Chemotherapy

Chemotherapy is the use of drugs to kill cancer cells. Chemotherapy for endometrial cancer is usually given intravenously (injected into a vein). You may be treated in the doctor’s office or the outpatient part of a hospital.

The drugs travel through the bloodstream to reach all parts of the body. This is why chemotherapy can be effective in treating endometrial cancer that has spread beyond the uterus. However, the same drugs that kill cancer cells may also damage healthy cells. Chemotherapy is usually given in cycles. Periods of chemotherapy treatment are alternated with rest periods when no chemotherapy is given.

Some side effects may still occur. Most women with endometrial cancer receive intravenous chemotherapy that is usually given after surgery, but may be given prior to hysterectomy surgery is some circumstances. Commonly used chemotherapy drugs include: carboplatin, cisplatin, paclitaxel, docetaxel, doxorubicin and others. These medications are given either alone or in combination. The combination of carboplatin and paclitaxel is typically the most commonly used therapy for patients requiring chemotherapy for endometrial cancer.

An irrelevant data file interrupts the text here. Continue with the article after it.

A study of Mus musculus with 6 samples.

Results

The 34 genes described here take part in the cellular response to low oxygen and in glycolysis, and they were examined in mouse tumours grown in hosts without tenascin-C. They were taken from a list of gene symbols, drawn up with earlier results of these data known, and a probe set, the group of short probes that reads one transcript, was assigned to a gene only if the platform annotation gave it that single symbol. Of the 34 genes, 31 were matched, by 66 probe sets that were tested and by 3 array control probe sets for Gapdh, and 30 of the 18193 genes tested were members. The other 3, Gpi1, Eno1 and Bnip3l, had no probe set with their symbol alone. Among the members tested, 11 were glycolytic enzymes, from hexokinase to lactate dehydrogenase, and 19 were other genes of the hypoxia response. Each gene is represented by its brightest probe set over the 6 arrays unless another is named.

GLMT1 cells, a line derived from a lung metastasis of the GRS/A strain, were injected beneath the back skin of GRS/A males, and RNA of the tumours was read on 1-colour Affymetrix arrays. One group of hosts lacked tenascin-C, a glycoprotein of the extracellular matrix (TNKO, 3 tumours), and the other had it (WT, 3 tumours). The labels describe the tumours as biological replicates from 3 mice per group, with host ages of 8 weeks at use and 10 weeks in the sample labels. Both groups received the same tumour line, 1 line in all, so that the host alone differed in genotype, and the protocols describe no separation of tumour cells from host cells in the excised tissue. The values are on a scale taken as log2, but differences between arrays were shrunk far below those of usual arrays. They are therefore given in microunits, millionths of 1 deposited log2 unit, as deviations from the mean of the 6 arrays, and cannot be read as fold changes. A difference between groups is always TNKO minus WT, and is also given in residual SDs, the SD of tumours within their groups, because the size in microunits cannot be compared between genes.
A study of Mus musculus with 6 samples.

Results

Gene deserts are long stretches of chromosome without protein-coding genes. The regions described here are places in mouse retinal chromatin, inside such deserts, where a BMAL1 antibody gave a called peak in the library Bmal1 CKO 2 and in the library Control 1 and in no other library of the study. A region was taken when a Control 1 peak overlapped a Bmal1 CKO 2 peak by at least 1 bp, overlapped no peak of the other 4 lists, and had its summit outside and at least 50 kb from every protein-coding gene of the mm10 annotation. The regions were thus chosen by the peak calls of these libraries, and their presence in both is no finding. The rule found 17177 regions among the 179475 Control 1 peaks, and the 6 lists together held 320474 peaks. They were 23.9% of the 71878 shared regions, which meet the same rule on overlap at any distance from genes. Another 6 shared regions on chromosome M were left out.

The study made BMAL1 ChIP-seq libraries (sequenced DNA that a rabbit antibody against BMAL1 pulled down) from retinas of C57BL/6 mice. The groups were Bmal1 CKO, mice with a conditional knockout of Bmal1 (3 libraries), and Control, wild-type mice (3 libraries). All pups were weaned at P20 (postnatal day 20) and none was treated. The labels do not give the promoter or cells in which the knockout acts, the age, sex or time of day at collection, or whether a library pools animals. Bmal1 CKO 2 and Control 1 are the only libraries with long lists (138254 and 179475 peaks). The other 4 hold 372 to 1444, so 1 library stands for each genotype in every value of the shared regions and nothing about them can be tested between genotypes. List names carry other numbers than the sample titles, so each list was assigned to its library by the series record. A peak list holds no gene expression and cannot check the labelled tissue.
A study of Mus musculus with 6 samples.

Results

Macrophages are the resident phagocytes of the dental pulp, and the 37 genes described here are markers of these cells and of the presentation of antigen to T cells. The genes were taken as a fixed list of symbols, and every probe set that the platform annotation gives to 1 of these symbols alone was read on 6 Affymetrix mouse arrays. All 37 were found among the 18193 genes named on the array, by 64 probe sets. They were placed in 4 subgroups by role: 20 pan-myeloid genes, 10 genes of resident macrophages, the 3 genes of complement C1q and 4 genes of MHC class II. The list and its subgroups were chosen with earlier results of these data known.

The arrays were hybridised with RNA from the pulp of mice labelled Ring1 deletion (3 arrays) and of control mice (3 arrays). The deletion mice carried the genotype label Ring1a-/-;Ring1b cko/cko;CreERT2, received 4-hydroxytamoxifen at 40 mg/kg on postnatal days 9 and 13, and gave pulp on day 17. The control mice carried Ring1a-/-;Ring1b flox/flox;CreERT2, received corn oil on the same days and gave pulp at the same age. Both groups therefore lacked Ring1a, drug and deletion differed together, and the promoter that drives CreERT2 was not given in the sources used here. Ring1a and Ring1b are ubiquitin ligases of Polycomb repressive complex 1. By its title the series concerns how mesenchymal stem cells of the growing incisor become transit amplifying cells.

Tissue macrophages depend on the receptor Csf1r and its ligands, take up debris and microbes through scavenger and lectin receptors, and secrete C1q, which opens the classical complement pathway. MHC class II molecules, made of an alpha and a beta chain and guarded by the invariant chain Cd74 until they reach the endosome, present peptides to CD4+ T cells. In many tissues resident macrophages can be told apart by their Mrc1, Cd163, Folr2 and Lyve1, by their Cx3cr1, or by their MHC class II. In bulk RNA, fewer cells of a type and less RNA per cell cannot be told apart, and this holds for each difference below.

Side Effects of Chemotherapy
Each person responds to chemotherapy differently. Some people may have very few side effects while others experience several. Most side effects are temporary. They include:

  • Nausea
  • Loss of appetite
  • Mouth sores
  • Increased chance of infection
  • Bleeding or bruising easily
  • Hair loss
  • Fatigue

Spotlight

This special section in Self Magazine features a GYN surgeon and 34-year-old (at the time of diagnosis) patient.

Awareness

Check out CervivorTV’s new webisode: 5th National Race to End Women’s Cancer. Hosted by the fabulous cervivor herself, Tamika Felder! Click here.

Research

The Foundation’s research award winners will be notified in January. Thank you to all who sent in their applications.

Education

The Foundation for Women’s Cancer is pleased to announce its upcoming FREE Telephone Education Workshop Dec. 18 on Cervical Cancer. For more information, click here.